It’s a story less heard today and rarely mentioned in history books. But when Niki Mahajan first read about Begum Hazrat Mahal,the courtesan who became the queen of Awadh,the Delhi-based designer was overwhelmed. I was taken in by the courageous spirit of this woman,described as stunningly beautiful. She was brave enough to stand up against the East India Company during the rebellion of 1857 after her husband fled,leaving her,with his many wives and children, says Mahajan. The tale of the fearless Begum (she was 36 when she led the rebellion),admits the designer,convinced her to design a couture collection that would highlight not just Hazrat Mahals character,but be an ode to all the faceless women in history who have not been recognised. There are many popular names that come in historical accounts of the Uprising of 1857. But women like Mahal have been ignored. Not only did she challenge the hegemony of the British but rejected the promises of allowance and status held out to her by them, says Mahajan. Her research also made her aware that Mahal,sold to royal agents as a child to become a courtesan,was not just beautiful but intelligent and warrior-like.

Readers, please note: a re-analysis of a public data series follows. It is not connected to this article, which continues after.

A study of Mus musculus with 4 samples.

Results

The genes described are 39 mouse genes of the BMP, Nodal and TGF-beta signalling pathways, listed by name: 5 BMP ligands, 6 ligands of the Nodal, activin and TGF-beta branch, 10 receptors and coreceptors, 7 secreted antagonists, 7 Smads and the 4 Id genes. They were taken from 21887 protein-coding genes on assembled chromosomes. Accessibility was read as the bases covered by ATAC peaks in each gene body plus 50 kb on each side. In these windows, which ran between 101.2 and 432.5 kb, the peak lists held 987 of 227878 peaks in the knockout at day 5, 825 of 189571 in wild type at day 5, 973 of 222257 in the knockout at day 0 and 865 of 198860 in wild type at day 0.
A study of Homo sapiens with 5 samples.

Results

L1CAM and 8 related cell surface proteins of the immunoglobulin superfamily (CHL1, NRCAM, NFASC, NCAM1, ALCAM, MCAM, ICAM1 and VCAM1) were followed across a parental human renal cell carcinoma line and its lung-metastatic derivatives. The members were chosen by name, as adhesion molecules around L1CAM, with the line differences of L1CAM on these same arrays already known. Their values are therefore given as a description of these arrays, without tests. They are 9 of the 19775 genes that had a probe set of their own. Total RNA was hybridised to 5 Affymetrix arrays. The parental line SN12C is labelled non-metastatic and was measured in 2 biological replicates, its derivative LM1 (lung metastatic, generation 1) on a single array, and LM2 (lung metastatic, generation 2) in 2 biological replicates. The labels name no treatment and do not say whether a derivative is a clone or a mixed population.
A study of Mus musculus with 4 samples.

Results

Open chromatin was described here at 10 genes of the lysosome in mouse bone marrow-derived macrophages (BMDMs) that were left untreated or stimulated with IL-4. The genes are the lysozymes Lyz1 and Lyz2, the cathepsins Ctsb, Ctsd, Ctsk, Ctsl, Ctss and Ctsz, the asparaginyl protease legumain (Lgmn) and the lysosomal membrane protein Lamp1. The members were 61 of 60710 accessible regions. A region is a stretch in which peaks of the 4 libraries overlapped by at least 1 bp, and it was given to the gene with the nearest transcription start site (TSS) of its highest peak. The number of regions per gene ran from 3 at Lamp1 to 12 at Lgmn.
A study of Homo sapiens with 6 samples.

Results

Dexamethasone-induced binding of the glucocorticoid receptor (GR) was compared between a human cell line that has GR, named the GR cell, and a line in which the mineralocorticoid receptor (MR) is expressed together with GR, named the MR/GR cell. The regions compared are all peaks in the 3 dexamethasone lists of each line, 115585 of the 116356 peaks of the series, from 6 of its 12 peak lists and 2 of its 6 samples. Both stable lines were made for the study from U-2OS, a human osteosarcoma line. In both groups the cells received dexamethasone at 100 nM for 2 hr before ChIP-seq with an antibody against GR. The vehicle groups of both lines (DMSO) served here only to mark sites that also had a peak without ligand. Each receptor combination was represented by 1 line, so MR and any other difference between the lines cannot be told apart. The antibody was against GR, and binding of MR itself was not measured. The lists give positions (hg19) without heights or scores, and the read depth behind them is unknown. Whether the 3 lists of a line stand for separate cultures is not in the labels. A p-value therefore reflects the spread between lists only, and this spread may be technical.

With this story setting the base,Mahajan decided to roll out a couture collection while drawing inspiration from Begums personality as well as the wardrobe of that era.
Seen as her comeback collection after nine years,Mahajan,who has been building her profile overseas for the last decade (she retails out of 150 international stores),will present it formally at a show on September 14 in Delhi. While I have worked with talented craftsmen from Bihar,Rajasthan,Assam and other parts of the country,for this collection I have focused on badla embroidery from Lucknow, explains the designer. A dying art – badla is hand-intensive and laborious – it requires skilled craftsmen,many of whom have long given it up. I located them in Lucknow and got them on board. We managed to rehabilitate 70 families who worked with us on this collection, informs Mahajan.
The collection is divided into five sections which comprises lehenga sets,saris and slim anarkalis. The style and colour palette of the five lines highlight Begum Hazrats own life, points out the designer. The first line in white,ivory and pastel blue signifies the queens grace and progresses to deep red depicting her marriage. The mood is more sombre in the latter half of the collection,as I draw from the period when the Begum rebelled and was consequently exiled. She spent her last years in Nepal after being exiled from India, says she. The exile phase is presented in an all-black,also highlighting badla work. As many as 200 techniques of embroideries have been used to create this collection, says Mahajan.
The choice to showcase this collection much after the couture weeks were over was intentional,admits Mahajan. Its a large collection and I wanted to tell a story that goes beyond a capsule show, she says.